When my dad was dying, one of the last things he said to me was, "You learn how to do it just by doing it."
You might not think that idea has much to do with our theme this month, which is about spring and growth.
Dad learned how to do a lot of things just by doing it. He got into radio when he was just 16, and then was a TV broadcaster back when TV was new. He didn't get married until he was 31, didn't have kids until he was 36. He became a politician in his 60s.
To be honest, I hardly ever want to grow. I'm generally pretty happy with the status quo. Growth usually involves some kind of pain, even if it's all in my head.
When my daughter was a little baby, I felt like a fake. Like a bad actress pretending to be a parent. I felt everyone else knew intuitively what to do from the very beginning. No they didn't. It's just that some had experience and some didn't.
Years ago I went to New York on vacation by myself. Before I left, I was seized by fear. What if I got lost? (This was in the days before everyone had GoogleMaps in their pockets.) What if I was mugged or raped or ... If I could have gotten my money back, I would have cancelled my trip.
I had a wonderful time, even though I was so young and inexperienced that on the airplane I wore the earphones the stewardess gave me so that the cord ran over the top of my head, not under my chin.
In the middle of this month, I'm going to Texas for a week of school visits and to speak at the International Reading Association conference. I'm going to rent a car, something I've only done once before in my life (I usually let my husband drive so I can read) and drive places I've never been. I've never filled my own gas tank (you can't in Oregon - I think the same might be true in New Jersey). By the end of the week, I'll have spoken to thousands of people.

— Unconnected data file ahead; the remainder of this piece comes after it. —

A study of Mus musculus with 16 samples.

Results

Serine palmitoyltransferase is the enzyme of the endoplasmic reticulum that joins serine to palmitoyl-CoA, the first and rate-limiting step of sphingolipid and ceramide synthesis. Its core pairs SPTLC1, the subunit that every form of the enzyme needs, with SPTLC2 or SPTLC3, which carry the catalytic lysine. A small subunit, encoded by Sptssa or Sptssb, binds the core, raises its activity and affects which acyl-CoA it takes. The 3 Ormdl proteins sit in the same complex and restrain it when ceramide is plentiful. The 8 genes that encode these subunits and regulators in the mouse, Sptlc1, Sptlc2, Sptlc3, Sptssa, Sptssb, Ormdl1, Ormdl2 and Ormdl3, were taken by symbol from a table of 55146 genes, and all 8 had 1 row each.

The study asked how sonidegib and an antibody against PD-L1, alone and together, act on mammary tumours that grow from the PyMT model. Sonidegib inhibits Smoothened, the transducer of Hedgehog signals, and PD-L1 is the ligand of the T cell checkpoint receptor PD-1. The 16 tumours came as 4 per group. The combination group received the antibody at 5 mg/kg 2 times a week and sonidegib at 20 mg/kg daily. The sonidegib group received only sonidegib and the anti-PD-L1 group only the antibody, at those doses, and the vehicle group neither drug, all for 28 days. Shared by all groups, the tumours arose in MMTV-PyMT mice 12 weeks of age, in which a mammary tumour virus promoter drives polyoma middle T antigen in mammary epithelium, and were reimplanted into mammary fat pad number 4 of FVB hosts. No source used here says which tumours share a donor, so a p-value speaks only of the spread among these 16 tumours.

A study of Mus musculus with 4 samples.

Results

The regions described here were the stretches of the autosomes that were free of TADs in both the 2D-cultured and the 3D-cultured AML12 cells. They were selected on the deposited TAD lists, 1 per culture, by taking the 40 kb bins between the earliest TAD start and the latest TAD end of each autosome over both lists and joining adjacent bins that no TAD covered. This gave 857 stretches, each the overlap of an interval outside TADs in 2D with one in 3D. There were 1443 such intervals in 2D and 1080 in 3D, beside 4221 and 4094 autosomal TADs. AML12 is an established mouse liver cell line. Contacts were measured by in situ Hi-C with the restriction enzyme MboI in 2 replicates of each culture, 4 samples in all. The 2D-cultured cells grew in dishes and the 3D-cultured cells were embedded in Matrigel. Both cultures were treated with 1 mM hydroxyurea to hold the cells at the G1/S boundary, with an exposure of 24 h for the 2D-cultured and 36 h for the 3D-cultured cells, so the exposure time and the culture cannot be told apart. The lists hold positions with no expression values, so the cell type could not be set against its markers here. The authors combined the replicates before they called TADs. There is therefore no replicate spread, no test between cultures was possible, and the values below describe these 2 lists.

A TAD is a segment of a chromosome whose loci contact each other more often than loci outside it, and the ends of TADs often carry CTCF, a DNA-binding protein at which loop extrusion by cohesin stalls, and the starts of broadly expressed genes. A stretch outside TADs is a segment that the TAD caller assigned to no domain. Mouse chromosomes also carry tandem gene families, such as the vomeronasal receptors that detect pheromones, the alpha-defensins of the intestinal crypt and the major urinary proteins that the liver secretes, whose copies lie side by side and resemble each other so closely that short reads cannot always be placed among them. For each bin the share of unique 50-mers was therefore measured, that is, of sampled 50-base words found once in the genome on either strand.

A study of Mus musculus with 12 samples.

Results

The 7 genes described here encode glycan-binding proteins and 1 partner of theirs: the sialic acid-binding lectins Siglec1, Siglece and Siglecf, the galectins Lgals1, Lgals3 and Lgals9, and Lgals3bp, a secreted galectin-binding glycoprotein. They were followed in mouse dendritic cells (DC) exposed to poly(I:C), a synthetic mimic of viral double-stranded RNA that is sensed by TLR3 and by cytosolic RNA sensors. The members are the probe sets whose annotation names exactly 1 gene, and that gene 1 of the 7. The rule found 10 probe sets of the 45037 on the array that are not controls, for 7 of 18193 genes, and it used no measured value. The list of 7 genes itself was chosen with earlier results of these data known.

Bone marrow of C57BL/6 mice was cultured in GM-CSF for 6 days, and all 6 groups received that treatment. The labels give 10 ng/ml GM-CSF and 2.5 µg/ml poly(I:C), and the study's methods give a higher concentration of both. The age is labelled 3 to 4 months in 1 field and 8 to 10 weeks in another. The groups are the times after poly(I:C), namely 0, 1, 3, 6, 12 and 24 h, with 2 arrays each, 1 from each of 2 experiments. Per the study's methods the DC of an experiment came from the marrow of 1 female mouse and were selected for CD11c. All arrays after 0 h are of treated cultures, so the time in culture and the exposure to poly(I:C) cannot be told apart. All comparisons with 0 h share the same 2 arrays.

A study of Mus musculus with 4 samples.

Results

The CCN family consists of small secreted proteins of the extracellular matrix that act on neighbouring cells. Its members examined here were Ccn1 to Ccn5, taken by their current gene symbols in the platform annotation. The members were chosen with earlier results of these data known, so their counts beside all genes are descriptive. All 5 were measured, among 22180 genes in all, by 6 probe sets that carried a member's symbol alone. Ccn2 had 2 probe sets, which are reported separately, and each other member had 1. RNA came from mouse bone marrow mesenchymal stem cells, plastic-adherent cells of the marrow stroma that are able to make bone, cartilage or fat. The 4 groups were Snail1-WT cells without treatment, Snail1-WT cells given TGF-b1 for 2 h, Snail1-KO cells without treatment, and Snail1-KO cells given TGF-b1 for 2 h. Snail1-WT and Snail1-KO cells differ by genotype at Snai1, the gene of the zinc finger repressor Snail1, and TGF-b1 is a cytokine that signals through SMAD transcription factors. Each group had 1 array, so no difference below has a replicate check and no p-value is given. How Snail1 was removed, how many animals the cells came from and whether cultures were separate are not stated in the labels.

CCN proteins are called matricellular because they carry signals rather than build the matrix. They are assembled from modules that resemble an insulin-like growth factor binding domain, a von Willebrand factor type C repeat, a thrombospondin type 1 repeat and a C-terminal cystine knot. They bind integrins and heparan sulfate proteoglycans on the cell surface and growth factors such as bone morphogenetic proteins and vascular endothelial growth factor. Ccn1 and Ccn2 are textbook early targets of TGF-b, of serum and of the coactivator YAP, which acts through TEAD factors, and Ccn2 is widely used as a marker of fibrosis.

I'll learn how to do it just by doing it.
When I started kung fu, I would have to talk myself into walking in the door. All these guys, many of them bigger than me, most of them faster, and all of them better. Now I go five to six times a week.
Same with writing books. How do you write a 100,000-word book? Or even a 50,000-word book? How much do you need to write every day? What's realistic? Should you outline or write by the seat of your pants?
Over the years, I've learned the answers to these questions (and they're just my answers, not yours). I have a deadline looming over me, but since this is something like the 20-plus book I've written, I know I can do it. Because I have done it.
So much to be afraid of. But the only way I can learn to do it is by doing it. And that's the key to growing.
Dad was right. (That's him on the right.)